Origins of the Service of Nine Lessons and Carols

St Patrick’s Cathedral – DAVID ILIFF.
License: CC BY-SA 3.0 Wikicommons

By Dermot Carmody

It’s all about counting. How many sleeps till Christmas? The Twelve Days of Christmas, with their concomitant menagerie of fowl, jewelry and leaping aristocracy. Then there’s the Twelve Pubs of Christmas, which is an example of the kind of drinking game we love in Ireland, whereby an acceptable social structure is retrofitted to the ancient tradition of getting inebriated.

In current circumstances it is highly improbable that such an event can take place. Bad news for merriment, but maybe good news for fashion when you consider the usual garish and LED-twinkling attire of the participants. More on that later, there are more harmless seasonal counting games. The advent calendar, for example, with it’s chocolatey ticking off of the days (the trick, as any ten year old can confirm, is to forget to open it for two days in a row, thus storing up an advantageous adventure on your on days).

But one of the more wholesome staples of our Christmas numerological experience is the classic service of Nine Lessons and Carols. English, and specifically Anglican, in origin, this 19th Century running order has travelled across denominational boundaries and around the world. It began in Truro in Cornwall. Hymns in general and carols as a subspecies had grown in prevalence throughout the 19th century, but prior to this the custom had been for choristers to go round the parish from house to house carolling. The story goes that Bishop Benson formalised the practice of having a church service of carols on Christmas Eve which had begun a few years earlier, into a progression of songs and readings for a service on Christmas Eve in Truro Cathedral in 1880, which has survived unaltered in essence to the present day.

Truro Cathedral was being rebuilt at the time, and that 1880 service took place in a temporary wooden building which served as a cathedral for the duration of those works. It has been said that an ulterior motive to creating this ecclesiastical entertainment was to keep people out of the bars on Christmas Eve. It seems just as likely, however, that it was an effort to create an accessible liturgical narrative. With singing. Everybody likes singing at a party.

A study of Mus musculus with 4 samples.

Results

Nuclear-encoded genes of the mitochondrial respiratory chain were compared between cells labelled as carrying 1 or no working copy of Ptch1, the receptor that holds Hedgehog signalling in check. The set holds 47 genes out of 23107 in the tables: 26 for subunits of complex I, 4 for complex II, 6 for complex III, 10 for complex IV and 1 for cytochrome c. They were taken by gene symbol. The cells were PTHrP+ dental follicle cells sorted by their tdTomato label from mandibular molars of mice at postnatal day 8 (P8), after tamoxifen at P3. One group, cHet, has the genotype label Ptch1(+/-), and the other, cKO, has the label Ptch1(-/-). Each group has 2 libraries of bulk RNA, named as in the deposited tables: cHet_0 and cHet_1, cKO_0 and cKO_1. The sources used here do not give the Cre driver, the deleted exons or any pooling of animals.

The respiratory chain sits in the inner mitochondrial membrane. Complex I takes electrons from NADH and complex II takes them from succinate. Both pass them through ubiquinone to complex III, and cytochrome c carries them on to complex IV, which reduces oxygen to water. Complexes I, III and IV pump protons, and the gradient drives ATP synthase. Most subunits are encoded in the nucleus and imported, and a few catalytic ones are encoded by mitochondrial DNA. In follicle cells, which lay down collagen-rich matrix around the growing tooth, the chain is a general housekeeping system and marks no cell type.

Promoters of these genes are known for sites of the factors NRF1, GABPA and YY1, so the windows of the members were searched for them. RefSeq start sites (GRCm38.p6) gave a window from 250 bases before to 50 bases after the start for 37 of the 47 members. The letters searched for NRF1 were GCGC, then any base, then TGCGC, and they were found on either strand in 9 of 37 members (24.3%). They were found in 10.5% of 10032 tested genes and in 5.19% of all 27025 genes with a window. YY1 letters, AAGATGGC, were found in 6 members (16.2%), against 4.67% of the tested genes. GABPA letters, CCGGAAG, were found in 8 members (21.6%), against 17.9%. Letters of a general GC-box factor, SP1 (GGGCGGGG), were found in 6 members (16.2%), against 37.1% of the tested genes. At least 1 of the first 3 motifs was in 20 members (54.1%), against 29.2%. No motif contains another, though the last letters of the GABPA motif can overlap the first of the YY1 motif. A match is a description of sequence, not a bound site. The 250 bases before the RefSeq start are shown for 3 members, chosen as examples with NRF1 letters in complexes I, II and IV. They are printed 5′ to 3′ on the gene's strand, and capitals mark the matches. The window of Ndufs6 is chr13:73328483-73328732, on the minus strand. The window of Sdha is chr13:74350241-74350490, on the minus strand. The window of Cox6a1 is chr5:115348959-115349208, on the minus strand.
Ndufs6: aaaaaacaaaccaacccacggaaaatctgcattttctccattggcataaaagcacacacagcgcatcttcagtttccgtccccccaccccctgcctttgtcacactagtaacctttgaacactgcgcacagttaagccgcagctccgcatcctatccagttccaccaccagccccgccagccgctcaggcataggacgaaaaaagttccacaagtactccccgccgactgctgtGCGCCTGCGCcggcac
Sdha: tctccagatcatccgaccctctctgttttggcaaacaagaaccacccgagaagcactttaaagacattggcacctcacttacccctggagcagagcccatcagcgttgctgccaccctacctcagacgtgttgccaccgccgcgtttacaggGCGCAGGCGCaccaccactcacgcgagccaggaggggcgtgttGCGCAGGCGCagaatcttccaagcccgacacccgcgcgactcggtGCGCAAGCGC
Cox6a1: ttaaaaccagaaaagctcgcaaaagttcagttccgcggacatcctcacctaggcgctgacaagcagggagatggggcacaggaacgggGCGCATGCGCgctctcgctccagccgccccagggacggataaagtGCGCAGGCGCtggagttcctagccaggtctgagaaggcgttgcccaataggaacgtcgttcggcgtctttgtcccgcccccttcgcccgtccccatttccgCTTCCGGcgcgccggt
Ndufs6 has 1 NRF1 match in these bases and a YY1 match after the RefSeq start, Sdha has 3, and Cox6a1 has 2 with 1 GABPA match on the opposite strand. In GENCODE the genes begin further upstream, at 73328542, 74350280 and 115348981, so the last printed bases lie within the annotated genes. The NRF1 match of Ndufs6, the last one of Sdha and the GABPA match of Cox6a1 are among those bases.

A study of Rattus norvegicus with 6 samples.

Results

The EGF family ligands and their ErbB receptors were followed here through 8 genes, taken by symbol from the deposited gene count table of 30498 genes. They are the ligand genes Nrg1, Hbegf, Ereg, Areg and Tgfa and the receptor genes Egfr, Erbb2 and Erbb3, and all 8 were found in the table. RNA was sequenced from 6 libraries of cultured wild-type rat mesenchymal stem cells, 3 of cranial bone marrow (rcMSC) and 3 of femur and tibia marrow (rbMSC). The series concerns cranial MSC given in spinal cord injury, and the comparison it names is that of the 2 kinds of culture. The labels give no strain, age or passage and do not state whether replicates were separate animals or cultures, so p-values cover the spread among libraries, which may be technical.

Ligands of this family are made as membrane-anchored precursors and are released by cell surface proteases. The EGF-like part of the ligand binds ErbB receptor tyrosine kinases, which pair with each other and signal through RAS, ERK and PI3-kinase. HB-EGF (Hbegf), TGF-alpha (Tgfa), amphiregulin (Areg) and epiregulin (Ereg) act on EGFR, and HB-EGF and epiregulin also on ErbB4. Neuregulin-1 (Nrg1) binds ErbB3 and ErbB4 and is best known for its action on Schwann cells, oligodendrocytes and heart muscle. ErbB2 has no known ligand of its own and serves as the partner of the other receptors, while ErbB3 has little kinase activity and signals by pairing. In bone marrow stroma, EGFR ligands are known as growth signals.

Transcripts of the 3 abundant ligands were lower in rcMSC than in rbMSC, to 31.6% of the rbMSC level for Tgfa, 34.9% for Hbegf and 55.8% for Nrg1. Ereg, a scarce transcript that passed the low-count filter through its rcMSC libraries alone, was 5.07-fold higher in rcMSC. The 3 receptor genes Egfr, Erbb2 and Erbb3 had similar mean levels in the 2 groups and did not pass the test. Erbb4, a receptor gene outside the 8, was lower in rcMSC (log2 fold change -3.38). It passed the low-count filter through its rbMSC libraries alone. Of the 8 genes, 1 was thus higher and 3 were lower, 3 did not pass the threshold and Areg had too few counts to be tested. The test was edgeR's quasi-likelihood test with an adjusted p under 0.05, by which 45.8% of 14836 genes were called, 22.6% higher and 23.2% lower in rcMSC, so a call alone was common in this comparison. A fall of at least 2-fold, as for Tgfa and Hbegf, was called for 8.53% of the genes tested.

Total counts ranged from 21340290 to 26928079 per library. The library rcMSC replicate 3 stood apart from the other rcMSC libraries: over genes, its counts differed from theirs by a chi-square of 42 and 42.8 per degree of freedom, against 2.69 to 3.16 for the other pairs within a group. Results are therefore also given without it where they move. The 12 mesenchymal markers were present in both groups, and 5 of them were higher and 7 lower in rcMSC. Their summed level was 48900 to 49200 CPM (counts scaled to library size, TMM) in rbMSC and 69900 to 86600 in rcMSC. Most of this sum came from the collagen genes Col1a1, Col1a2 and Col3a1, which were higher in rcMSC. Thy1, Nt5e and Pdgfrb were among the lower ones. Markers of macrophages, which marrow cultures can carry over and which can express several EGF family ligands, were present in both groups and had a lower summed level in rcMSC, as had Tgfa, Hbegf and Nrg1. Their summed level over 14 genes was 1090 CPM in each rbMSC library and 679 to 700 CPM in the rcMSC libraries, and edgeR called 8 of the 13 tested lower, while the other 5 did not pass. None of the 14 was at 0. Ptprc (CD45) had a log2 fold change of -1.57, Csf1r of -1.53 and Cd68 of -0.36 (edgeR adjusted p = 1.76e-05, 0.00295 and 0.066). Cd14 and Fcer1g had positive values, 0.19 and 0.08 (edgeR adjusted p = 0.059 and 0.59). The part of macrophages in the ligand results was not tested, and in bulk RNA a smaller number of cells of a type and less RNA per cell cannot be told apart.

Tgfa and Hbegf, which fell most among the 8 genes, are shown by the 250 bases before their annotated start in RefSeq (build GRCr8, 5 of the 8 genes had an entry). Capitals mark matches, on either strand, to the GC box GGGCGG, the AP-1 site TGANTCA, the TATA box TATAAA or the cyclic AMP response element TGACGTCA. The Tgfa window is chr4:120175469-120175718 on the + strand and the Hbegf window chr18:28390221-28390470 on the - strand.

In the 20th Century the popularity of this form of worship and entertainment spread exponentially when the BBC began broadcasting the annual carol service from King’s College Cambridge. The first of these services was held in 1918, and was very close in form to the original as devised by Bishop Benson in Truro, and indeed to the one we might find in any number of churches, schools or concert halls in this century. The BBC radio broadcasts started in the 1930s and remain an annual event.

Closer to home, in Dublin the first service of Nine Lessons and Carols was held in 1914 in North Strand Church. It was organised by Rev. David Wilson, who had been inspired by reading Bishop Benson on the subject. Wilson went on to be rector in Donnybrook for a number of years in 1917 before becoming Dean of St Patrick’s Cathedral in 1935, where he instigated the custom there with the first of the St Patrick’s carol services, broadcast every Christmas by RTE to this day. So NewsFour is claiming him as a local man and celebrates his achievements in the field of Christmas tradition!

The readings, then as now, take us on a breakneck tour from creation, through fall from grace, via prophecies to the eventual fulfillment of these by the birth of the Saviour Christ. Even the theologically uninterested can find resonance in that story. Perhaps why there are so many counting games. We tick down to the end of the year, mindful of the moments slipping beyond repair in the past. But we have a happy and optimistic ending. Even if it’s only another year about to begin, and another go at getting it right.

Whether expressed virtually or physically, this year the service of Nine Lessons and Carols will still be a part of Christmas for many this year and for years to come. Of course, some might still prefer the twelve pubs of Christmas, which doubtless has its own potential for drama, or even tragedy. But really, it’s inferior as a theatrical event. And the singing is seldom as good.